Dance music label Ministry of Sound is suing music-streaming service Spotify for allegedly refusing to delete users’ playlists that mirror its compilation albums. The case sets an interesting precedent for music services that let users create playlists.
Proceedings were launched in the UK High Court this week with Ministry of Sound seeking an injunction against Spotify forcing it to remove the playlists in question.
The company is also seeking an injunction against Spotify to ensure that it permanently blocks playlists that copy its compilations.
Ministry of Sound is also seeking damages.
It is understood that the Ministry of Sound has been requesting Spotify to remove the playlists since 2002.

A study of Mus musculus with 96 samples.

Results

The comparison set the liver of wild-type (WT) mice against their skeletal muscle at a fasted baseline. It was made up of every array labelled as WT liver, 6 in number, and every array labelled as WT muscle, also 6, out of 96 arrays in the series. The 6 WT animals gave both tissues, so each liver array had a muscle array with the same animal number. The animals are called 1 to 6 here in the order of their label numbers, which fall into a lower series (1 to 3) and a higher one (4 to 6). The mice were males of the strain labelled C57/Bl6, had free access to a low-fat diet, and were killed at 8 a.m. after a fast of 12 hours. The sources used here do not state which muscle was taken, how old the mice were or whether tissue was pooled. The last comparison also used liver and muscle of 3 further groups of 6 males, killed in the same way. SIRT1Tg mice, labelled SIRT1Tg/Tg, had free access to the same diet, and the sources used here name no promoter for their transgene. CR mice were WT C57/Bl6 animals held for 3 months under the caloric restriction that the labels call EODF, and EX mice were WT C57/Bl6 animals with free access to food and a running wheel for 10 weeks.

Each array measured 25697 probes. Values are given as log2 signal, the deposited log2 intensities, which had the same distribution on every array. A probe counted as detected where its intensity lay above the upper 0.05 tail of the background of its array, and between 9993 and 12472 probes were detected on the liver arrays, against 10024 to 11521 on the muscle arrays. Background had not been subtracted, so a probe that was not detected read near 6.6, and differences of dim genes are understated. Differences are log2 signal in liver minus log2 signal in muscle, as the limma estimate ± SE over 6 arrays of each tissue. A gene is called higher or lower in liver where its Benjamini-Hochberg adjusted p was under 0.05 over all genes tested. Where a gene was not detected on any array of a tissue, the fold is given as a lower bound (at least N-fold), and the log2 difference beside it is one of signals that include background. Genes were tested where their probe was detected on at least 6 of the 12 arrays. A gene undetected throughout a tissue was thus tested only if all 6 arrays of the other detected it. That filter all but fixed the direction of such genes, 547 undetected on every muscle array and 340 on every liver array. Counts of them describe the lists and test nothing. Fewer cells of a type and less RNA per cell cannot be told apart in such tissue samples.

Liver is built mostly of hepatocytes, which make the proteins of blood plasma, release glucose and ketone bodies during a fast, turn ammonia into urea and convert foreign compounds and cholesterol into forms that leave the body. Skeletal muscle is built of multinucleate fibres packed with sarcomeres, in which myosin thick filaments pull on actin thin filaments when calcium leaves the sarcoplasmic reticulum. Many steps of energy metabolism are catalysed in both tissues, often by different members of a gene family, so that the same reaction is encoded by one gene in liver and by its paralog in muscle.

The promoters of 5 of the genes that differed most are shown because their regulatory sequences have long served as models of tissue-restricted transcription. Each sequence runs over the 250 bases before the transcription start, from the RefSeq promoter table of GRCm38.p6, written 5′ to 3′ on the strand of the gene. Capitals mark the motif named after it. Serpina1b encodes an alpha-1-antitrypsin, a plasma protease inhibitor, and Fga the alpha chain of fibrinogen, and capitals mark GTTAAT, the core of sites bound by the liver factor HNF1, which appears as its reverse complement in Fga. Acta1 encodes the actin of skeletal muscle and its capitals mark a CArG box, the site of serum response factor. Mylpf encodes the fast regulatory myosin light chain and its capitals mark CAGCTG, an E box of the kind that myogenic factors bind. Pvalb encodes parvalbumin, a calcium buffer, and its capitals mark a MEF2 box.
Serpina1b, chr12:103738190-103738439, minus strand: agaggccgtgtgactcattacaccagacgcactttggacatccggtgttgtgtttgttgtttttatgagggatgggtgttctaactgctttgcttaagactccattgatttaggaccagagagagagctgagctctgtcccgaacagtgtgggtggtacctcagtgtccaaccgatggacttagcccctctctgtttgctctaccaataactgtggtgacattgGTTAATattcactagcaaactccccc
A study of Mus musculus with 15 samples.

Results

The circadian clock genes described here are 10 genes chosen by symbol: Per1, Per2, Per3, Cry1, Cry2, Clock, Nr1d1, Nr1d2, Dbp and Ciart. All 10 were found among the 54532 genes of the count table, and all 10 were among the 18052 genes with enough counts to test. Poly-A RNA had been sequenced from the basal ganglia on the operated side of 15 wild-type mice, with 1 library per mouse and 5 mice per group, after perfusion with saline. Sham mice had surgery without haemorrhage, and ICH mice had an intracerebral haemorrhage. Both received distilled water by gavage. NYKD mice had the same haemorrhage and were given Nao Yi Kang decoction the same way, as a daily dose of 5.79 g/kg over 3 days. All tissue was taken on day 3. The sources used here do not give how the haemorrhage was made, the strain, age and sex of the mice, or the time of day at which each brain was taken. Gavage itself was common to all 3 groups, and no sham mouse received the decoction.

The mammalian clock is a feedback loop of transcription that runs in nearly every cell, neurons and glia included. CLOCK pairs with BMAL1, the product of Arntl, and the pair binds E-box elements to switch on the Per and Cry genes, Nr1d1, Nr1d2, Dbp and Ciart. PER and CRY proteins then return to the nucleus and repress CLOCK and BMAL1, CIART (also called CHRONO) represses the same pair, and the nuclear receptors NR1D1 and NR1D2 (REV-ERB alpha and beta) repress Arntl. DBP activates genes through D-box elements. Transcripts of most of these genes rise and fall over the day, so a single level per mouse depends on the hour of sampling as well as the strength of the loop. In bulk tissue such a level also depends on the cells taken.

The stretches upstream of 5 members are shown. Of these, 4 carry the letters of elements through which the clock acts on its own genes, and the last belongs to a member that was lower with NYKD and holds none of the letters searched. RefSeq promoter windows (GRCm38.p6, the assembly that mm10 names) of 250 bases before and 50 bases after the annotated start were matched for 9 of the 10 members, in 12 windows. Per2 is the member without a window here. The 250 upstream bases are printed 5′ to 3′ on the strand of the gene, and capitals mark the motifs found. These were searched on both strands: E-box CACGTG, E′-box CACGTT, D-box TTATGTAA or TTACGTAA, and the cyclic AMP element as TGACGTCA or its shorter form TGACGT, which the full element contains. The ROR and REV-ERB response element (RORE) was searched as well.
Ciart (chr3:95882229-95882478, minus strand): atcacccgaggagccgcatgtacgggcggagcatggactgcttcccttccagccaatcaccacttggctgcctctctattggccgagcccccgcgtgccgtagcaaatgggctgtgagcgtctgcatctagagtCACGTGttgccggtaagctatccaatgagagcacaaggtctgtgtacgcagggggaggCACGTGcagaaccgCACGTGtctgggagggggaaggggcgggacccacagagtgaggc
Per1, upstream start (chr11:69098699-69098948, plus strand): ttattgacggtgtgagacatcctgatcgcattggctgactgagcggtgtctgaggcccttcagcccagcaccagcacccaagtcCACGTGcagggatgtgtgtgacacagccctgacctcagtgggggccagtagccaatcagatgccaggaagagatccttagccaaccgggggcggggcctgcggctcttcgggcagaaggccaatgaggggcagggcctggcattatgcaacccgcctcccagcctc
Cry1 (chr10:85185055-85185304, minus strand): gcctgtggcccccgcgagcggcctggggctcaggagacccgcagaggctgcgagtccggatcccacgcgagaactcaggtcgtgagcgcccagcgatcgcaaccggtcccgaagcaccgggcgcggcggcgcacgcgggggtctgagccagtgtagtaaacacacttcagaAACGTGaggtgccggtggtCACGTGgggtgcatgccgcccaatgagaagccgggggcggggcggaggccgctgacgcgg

At the heart of the issue is not whether music can be legitimately streamed but whether the actual order of songs from an album can be copyrighted.
Commenting on the Ministry of Sound blog, the company’s CEO Lohan Presencer sought to answer fans’ questions.
“We understand your concern and are not trying to prevent you from putting together your own playlists,” Presencer said.
“ This case is about playlists that copy our albums and that are made available by Spotify as playlists on a commercial basis, often including our logo and album art work. Spotify does this without any recognition for the creative effort that goes into compiling our albums.
“Our case strives to ensure that Spotify recognises the value of our creative effort and that the service ensures that everyone (users and those that create great albums) is treated fairly,” Presencer said.